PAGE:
One way or the other, the Kinsol Trestle issue must be resolved, warned a government official as the district scrambles to find money for an assessment of the old wooden bridge.
At a special meeting Thursday night, Cowichan Valley Region District directors heard from two delegations; one that promised it could restore the trestle, the second that said the best approach would be to build a new one.
The board asked its accountant, Mark Kueber, to find $160,000 to fund a study that would determine the best way to treat the trestle, either by restoration or by erecting a newer structure in its place.
We do have reserve funds that could be used for such a study, Kueber said.
Gordon Macdonald, of Macdonald and Lawrence Timber Framing Ltd. told the board the trestle is in pretty good shape for an older structure and it's possible to restore it to its former grandeur.
We feel it can be done for about four million bucks and it would have a life expectancy of 30 or 40 years, said Macdonald, a skilled craftsman who has worked on world heritage sites on three different continents.
Macdonald's method of fixing the trestle would be to start at both ends and work toward the middle, improving the structure along the way to finally link it to the Trans-Canada Trail.
Macdonald said the restoration would get the public onside with the project and, as important, convince people to empty their wallets to help defray the costs.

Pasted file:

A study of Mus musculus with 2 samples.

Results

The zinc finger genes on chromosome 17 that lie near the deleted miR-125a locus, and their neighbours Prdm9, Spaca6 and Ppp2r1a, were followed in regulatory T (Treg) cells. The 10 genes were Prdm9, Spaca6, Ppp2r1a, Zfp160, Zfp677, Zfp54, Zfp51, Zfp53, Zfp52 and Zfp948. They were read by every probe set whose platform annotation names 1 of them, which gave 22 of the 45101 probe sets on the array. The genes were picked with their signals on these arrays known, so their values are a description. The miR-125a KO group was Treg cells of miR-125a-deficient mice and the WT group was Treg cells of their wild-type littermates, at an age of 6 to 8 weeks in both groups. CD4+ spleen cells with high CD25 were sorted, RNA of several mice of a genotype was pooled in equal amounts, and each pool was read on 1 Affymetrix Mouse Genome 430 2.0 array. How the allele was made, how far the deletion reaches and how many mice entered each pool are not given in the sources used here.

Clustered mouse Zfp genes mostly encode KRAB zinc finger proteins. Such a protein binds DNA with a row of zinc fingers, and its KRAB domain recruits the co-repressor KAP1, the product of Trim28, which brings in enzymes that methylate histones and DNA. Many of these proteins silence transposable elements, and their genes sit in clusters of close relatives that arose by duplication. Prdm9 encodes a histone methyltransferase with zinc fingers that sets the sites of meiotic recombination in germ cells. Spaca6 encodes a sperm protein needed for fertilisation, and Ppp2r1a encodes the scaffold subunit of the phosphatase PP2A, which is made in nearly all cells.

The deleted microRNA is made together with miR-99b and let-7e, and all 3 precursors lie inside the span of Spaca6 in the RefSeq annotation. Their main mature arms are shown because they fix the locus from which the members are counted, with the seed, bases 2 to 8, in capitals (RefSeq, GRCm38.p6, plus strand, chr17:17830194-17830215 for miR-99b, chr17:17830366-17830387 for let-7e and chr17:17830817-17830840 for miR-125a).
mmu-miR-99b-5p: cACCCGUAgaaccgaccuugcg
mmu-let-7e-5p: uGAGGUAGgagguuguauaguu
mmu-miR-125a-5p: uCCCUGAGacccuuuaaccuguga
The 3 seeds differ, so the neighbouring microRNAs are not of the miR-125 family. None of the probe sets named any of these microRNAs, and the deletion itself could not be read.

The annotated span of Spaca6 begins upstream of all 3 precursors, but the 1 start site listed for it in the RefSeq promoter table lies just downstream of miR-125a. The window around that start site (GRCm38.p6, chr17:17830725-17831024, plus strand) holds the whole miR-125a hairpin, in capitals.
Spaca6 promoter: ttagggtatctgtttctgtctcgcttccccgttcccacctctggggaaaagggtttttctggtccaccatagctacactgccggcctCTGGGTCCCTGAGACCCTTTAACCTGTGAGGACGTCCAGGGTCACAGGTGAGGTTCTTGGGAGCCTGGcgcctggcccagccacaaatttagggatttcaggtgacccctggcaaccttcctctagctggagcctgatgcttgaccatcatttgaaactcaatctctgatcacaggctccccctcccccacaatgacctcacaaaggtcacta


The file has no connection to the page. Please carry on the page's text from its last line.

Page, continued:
It's far easier to fundraise around an in peril treasure, rather than a hole in the ground, he said.
Macdonald reckoned once the restoration is complete, annual maintenance costs would be about $80,000.
However, James Klett, whose company Klett Consulting Services Ltd. did the 2004 structural assessment of the Kinsol, said he's convinced a new bridge would be safer and cheaper in the long run.
Believe it or not, one of the options we had earlier was to restore it, he told the board, and a packed gallery that included Malahat MLA John Horgan.
But rehabilitation is labour- and cost-intensive and we always had safety issues, said Klett, who has decades of engineering and bridge building experience.
Klett said a modified design of the trestle would look a little different than the original, but would last years longer than a restored Kinsol.
It makes sense to me to build the bridge now and open it to the public, he said.
It would last 40 to 50 years without any major restoration, he said, adding the maintenance costs over that lifespan would average out to about $10,000 per year.
No matter what is done with the trestle, the province wants to wash its hands of it, a spokesman for the ministry of transport told the board.
The ministry, one way or the other, wants to remove this liability from its book, Alan Callander said.
If the CVRD does do something to make that happen,
we will remove the liability, he said.